Who is likely to capture the Presidency? Will it be the former deputy prime minister Dr Tony Tan or former PAP MP Dr Tan Cheng Bock or the former NTUC Income chief Mr Tan Kin Lian or investment adviser Mr Tan Jee Say?
With all the excitement that has been whipped up so far in the election campaign and still with a few more days before polling day it may be a bit premature to give a definitive assessment of the chances of the four candidates. But initial assessment may show that Dr Tony Tan may be in an unassailable position. He has been pledged with support from trade unions, clan associations and Chinese, Malay and Indian Chambers of Commerce. But it does not necessarily mean that the rank and file of these unions and associations will heed their leaders in their choice. They may have their own personal preferences.
Not least of all, PAP leaders like PM Lee Hsien Loogn and ESM Goh Chok Tong have given Dr Tony Tan tacit endorsement which may bring him most of the 60% Pro-PAP votes. But Dr Tony Tan's stand on the Marxist conspiracy detention under the Internal Security Act (ISA) and the graduate mothers scheme is going to go against him because of his untenable position.` He is just unable to extricate himself from his intricate position.
Dr Tan Cheng Bock has solid support of voters in Ayer Rajah Constituency but outside of it is an unknown factor. So far he has shown that he is a formidable opponent of Dr Tony Tan and has presented himself as a credible candidate for the Presidency. His idea of requiring the PMO and Cabinet Office to be moved out of the Istana complex if he is elected president has gone down well with the electors. This will cause quite a flutter to the prime minister and put him in a fix whether to move out of the Istana complex or not. Dr Tan Cheng Bock also has the support of leaders of some opposition parties in their personal capacity which means that his chances of getting some anti-establishment votes are quite good. His chances of being elected will depend on the percentage of pro-PAP votes he can hive off from Dr Tony Tan. His non-establishment votes are not likely to be significant.
Mr Tan Jee Say's candidature has been a source of consternation to the PAP leaders. In his campaign he has never ceased to remind voters that his mission as president, if elected, is to provide checks and balances on the PAP Government. But he has been careful to qualify that by saying that he will not be openly adversarial to the Government. He can be considered as the only candidate out of the four who is independent of the PAP Government. There is no reason not to expect him to get solid support from the 40% anti-establishment votes which may be just enough for him to secure the presidency. Imagine former Minister Mentor Lee Kuan Yew and ESM Goh Chok Tong having to stand up before Mr Tan Jee Say when approached by the latter if he is elected president, a former personal private secretary of DPM Goh Chok Tong in the civil service. It will be difficult for LKY and GCY to live down this appartent humiliation.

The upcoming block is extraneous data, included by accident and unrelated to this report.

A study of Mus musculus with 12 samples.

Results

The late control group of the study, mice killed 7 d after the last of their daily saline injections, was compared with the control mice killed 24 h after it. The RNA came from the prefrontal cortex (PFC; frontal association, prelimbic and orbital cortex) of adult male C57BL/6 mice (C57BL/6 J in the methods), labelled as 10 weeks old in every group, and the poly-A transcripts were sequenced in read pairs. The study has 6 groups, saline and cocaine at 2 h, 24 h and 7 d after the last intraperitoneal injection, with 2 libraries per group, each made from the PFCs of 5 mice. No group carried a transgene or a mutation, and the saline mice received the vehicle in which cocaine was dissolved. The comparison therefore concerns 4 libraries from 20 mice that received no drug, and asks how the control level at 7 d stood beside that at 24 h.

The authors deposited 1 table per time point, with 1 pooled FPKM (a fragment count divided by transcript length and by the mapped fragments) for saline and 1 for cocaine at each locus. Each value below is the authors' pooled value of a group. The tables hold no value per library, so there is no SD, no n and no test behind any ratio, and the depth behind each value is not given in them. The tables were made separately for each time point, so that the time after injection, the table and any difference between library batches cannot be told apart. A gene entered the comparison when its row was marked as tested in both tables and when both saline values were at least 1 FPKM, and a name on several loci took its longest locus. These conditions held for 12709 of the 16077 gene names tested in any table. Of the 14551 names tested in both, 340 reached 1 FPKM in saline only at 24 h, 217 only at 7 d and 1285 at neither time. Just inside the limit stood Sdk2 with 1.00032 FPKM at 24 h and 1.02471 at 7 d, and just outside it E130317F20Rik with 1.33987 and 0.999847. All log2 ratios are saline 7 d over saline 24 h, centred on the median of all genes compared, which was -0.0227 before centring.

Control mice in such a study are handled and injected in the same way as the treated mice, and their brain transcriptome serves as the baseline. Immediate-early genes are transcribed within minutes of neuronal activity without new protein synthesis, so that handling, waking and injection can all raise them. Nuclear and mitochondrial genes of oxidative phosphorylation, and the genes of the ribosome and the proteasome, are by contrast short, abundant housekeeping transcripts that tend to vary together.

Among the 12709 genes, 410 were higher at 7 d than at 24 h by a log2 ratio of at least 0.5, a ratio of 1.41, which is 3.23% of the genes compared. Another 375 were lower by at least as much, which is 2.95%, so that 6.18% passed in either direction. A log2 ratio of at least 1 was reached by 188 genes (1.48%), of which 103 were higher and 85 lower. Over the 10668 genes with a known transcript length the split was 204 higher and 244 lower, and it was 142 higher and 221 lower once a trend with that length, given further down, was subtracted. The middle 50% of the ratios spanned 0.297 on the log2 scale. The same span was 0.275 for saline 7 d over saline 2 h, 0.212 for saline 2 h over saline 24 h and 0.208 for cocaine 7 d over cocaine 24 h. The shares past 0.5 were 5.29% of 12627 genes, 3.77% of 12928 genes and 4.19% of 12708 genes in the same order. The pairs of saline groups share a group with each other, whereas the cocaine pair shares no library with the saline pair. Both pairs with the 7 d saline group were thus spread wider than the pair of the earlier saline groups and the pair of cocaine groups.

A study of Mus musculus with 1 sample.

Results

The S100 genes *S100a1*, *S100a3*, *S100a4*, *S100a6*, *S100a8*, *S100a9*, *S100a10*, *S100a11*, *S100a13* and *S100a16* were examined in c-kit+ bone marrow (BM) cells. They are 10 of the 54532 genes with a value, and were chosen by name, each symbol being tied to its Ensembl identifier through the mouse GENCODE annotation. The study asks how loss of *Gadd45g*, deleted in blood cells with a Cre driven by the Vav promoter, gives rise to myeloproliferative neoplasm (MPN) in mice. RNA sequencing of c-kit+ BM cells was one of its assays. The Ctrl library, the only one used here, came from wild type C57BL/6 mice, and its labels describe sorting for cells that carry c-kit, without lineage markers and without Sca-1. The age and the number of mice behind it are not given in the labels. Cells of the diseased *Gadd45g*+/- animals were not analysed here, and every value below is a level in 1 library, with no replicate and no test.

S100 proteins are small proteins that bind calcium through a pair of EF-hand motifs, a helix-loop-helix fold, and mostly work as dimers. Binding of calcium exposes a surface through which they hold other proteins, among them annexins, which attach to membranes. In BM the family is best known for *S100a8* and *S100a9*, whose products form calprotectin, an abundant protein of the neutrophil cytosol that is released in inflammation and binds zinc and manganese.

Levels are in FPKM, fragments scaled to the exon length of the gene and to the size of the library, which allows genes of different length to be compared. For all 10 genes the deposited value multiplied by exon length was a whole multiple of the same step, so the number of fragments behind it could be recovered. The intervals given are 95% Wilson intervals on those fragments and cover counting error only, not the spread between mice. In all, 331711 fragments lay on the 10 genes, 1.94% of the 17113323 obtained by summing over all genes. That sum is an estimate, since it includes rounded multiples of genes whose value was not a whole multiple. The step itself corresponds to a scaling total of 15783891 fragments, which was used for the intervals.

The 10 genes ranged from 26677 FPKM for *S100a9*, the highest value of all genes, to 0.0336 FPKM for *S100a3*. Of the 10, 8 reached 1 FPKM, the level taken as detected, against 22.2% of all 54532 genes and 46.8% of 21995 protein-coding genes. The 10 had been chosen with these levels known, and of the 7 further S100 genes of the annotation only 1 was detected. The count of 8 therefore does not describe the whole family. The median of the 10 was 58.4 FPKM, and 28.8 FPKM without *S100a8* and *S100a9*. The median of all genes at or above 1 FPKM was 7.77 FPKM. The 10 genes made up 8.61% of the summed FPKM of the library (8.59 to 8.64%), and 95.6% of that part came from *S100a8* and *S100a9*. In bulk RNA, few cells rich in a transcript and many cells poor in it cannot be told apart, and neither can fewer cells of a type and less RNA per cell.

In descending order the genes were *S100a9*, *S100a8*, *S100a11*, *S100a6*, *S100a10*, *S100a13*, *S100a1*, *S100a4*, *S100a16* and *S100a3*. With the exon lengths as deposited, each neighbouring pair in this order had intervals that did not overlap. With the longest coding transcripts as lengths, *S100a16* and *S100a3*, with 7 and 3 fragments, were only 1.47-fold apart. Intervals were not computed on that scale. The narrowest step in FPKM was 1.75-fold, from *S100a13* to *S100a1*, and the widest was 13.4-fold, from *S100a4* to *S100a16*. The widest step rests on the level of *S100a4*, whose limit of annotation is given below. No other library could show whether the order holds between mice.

Mr Tan Kin Lian strikes one as an enigmatic candidate. He is a former PAP cadre but the PAP does not appear to be particulary impressed with his service to the party. He claims to be independent of the PAP but with his past PAP connection can he really expect Singaporeans to believe him? He is in a comical position where he can neither attract pro-PAP votes nor anti-establishment votes. He may believe otherwise. He can be so insensitive that he can go electioneering at a solemn memorial ceremony for the late political detainee Mr. Tan Jing Quee. He should consider himself lucky that he was not ejected from the gathering. He promises to be the voice of the people if elected. He is also concerned whether he will be able to secure 12.5 per cent of the votes so that he will not lose his deposit.
The hustings are getting more exciting each day and there will be more campaigning by the four candidates in the next four days. We will know on 27 August after polling has ended who is the lucky candidate to be the new elected president. Whoever he is should deserve the unanimous approbation of all Singaporeans. If Dr Tony Tan is elected, then the question of unanimous approbation is in doubt because he is the least of the four candidates that netizens want to see elected.